Paula Thompson said it best.

“I’m in awe of primary teachers. They’re amazing, amazing people. They just know what to do.”

Thompson oughtta know. She’s a former teacher and a former principal. Now she helps teach teachers.

So she’s well-placed to recognize the importance of kindergarten and primary teachers in setting the tone for what’s now referred to, somewhat ostentatiously, as the “lifelong learning” experience.

For many children, especially those who haven’t attended daycare, the kindergarten teacher is probably the first adult outside the home to play such a huge role in their lives.

It’s the kindergarten teacher who knows how to diffuse the inevitable spat that can erupt between kids, who knows how to deal with the odd nervous lapse in toilet training, who knows the ideal way to comfort (or distract) a homesick tot.

And it’s teachers in those first few grades who seem to have an uncanny ability to make the process of acquiring knowledge fun; something you want to do forever.

Sure, we may remember some of our educational custodians of later life—fondly, or not so.

Certainly, I remember my brilliant Grade 9 English teacher, Mr. Bull, who lost an eye, an ear and a major part of his face on D-Day, but could bring every character Shakespeare ever created into startling focus.

And I can’t forget my dour Grade 10 science teacher, “Beaker” Ferguson, or some of the height-challenged tyrants fresh from the officer ranks of World War Two who seemed to relish humiliating anyone who dared ask a question.

I remember, with fondness, a fairly ineffectual French teacher named Mr. Cannon, whose stock rose in our eyes when he admitted spilling the better part of a bottle of red wine over our examination papers.

But, more than 60 years later, my memory has a special piece of real estate for a kindergarten teacher from Verdun, Quebec.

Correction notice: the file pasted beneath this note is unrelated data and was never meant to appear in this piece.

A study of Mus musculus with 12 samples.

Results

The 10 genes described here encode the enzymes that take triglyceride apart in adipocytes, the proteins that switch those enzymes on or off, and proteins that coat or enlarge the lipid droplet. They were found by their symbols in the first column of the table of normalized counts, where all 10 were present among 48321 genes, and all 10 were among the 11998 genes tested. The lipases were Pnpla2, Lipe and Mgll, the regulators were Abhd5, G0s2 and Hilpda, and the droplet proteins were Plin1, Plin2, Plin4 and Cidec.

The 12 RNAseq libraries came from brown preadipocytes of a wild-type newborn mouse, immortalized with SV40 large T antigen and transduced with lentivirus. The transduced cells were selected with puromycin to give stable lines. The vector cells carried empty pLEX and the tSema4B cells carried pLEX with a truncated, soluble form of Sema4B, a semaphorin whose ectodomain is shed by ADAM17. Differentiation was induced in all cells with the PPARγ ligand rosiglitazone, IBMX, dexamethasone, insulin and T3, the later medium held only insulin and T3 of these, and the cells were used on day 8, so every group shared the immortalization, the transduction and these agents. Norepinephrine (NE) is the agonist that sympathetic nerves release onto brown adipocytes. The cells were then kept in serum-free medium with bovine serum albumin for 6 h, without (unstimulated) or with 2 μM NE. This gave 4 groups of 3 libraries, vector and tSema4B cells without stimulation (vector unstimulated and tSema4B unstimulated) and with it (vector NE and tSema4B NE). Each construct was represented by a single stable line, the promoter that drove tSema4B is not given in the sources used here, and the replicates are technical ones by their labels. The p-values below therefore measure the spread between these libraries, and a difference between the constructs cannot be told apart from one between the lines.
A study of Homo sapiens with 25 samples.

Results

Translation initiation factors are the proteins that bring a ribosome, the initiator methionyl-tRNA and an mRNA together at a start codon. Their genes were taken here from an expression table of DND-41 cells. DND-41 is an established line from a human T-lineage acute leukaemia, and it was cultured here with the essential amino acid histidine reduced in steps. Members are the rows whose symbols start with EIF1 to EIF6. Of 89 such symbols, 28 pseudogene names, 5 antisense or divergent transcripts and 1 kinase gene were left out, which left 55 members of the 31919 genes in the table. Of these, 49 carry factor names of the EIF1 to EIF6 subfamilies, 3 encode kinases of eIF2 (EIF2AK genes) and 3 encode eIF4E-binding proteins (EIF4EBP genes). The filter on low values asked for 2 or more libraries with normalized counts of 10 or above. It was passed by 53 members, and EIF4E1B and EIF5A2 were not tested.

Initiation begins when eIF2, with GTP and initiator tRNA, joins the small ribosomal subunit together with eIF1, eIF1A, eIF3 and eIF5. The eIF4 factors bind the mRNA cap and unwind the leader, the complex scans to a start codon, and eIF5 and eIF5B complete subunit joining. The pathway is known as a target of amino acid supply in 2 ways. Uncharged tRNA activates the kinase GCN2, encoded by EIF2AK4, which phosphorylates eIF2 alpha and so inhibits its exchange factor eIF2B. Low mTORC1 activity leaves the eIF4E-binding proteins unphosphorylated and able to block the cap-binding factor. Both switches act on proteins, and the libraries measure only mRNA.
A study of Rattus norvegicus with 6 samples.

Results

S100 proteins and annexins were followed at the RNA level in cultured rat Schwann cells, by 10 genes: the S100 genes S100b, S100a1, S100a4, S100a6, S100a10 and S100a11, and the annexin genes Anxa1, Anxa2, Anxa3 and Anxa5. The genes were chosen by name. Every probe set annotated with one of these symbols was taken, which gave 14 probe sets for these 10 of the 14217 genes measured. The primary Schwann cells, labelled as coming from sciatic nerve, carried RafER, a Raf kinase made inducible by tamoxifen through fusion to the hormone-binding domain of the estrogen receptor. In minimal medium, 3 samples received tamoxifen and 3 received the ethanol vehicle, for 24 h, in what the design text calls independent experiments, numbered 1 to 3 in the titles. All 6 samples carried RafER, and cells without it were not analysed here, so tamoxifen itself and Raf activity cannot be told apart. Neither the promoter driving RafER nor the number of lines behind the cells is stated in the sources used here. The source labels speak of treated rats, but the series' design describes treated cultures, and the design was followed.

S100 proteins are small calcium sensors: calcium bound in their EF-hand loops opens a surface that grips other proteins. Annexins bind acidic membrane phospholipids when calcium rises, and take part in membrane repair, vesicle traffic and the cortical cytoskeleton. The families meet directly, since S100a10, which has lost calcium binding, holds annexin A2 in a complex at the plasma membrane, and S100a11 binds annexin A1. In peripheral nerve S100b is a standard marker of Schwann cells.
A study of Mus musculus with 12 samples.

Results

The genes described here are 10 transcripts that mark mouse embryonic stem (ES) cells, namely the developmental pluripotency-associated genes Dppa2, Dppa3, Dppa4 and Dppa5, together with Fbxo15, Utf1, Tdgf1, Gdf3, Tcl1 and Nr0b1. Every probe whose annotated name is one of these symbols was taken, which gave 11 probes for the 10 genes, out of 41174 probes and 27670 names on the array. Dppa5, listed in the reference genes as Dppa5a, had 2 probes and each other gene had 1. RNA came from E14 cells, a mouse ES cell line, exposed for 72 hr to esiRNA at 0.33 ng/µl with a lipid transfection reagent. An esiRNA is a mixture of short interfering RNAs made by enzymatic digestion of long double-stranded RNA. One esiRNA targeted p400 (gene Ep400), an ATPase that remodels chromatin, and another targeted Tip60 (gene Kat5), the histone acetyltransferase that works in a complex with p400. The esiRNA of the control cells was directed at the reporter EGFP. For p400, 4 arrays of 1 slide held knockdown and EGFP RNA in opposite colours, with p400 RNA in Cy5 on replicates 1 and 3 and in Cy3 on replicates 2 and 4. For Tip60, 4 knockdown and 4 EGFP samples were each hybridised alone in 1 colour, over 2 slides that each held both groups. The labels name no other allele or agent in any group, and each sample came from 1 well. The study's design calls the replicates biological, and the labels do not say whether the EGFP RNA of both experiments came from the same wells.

Her name was Miss Sweet… and she was. My mind’s eye sees her as a round, elderly, grey-haired angel with rimless glasses.

Of course, that’s only brain memory. For all I know in fact, she may have been a tall, skinny 29-year-old with 20-20 vision.

Sense memory, on the other hand, can’t be fooled. Miss Sweet was the perfect mother surrogate, a huge force in the lives of her tiny charges.

I thought of her on a September morning almost 40 years ago, when I accompanied my eldest daughter to school for the very first time.

The school, in Cornwall, P.E.I. looked so huge, and Sarah looked so tiny. But I knew she would be safe, that she would be loved, that her educational “career” would get off on a sure footing.

I thought of Miss Sweet again a couple of years ago, on the mornings I would take my grandson to primary school in Courtenay, B.C. He was so small, the school was so large, yet I knew he was in good hands.

These memories resurfaced e so small, the school so large

when I first saw the photo of Aurelia that’s on the cover of this week’s paper.

I’ve known Aurelia since she was a few weeks old. Like both her parents, she has a bright, inquiring mind.

But she’s a little thing, and Whitehorse Elementary School seems so huge in the background.

Still, without knowing any of the players who are about to take on such a big role in her life, I know she’ll be safe and she’ll be loved, and that she has a wonderful educational experience before her.

And I honestly believe that all the other kids who will be entering the Yukon school system for the first time a few weeks from now have the same world of wonders in store for them.

Why am I so confident?

Well, as Paula Thompson said, primary teachers are amazing, amazing people who just know what to do.

Without question, the first day of a new school year can have a touch of bittersweet about it, for both kids and parents.

As one life chapter closes, another one begins. Change. Life’s only real constant.

It can be especially stressful (and exciting) when it involves a significant transition—from home to school for the first time, from a familiar community or school to an unfamiliar one, from elementary to secondary school, even from high school to college or university.

It takes courage, and a bit of faith, to step into a new stream, to negotiate new relationships, sometimes to let old ones go.

From a parent’s standpoint, it also takes courage, and a bit of faith, to watch their children move on to new challenges, knowing (in the words of a particularly treacly song) that they will inevitably skin their hearts and skin their knees along the way.

But would any of us have it any other way?

They say it takes a village to raise a child.

From where I sit, I’d say Yukon is a damned fine village for that purpose, whether our kids are home-schooled or school-schooled.

Let’s make 2012-13 one of the best years of all their lives.